Squad rotation is one of those topics that — as so much else in football — quickly becomes divisive. Fans and pundits look for a quick fix reason as to why results are particularly good or bad, and in lieu of obvious player related explanations, will turn to the far more intangible and less knowable manager decisions, including substitions, both in and between matches. Rafa Benítez was famously derided for his continental rotation policy, while the fact that Arsene Wenger and Alex Ferguson both made the same number of changes in personnel between games was quickly forgotten. Narrative and fire emoji takes, you see, trumps all.
Thus, when it was revealed that Jürgen Klopp hasn't named an unchanged side in 40 consecutive matches, ears perked up. Could this be the secret ingredient to the Reds' current success? By what sorcery did Klopp come up with his rotation policy? Would the upcoming Sunderland game mark his first unchanged side in nearly ten months?
“No idea!", was the manager's swift reply. "It’s Thursday and two days until Saturday. 40 matches? I didn’t know. I thought we didn’t change too much, actually.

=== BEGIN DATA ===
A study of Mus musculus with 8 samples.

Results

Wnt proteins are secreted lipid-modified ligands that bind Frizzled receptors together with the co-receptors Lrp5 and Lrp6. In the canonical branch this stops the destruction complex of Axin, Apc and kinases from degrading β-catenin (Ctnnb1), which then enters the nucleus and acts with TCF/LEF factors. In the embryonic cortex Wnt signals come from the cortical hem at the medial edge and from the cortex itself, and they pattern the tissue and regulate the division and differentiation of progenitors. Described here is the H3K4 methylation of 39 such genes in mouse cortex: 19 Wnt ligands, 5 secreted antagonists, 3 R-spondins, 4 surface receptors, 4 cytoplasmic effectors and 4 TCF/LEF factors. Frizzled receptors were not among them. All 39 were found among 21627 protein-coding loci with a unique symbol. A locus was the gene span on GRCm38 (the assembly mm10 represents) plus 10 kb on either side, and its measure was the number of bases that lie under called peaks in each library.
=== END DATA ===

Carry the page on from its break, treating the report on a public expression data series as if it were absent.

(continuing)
“There were different tournaments, 40 matches, with a few last season too. It’s not that we say we cannot start with the same line-up again."
“We have not the biggest injury issues until now. We had a few, of course, but sometimes the next game came too quick, so we needed to make a change or we wanted to make a change."
Injuries and fixture congestion, then. What other factors could possibly be behind this streak of uniformity?
“Maybe what it shows is that we only think about the next game and not about the last too much", Klopp continued. "When the analysis is done, the last game is over and it’s not important anymore.
“Then you need to have a look in training, have a look at different things and especially have a look at the style and strength of the next opponent. You think about who will help you most in the next game. That’s all we think about.
“Probably, we always decided we needed somebody else, but not with a big plan behind it, to always change a winning team to make a new law. That’s surprised me a little bit, honestly, that it’s so often in a row – if it’s right!”
So less magic than sensible decisions based on schedule, player availability and opposition attributes, culminating in a random statistic to extrapolate from a string of games? Terrible for Twitter opinions, but pretty good news for the Reds, as it turns out.
Whether the streak of unchanged sides continues on Saturday is of no importance in the end. Whether Klopp can continue to build on the momentum his team has accrued in the past few months to take them past a potential banana peel in a resurgent Sunderland side is the opposite of that.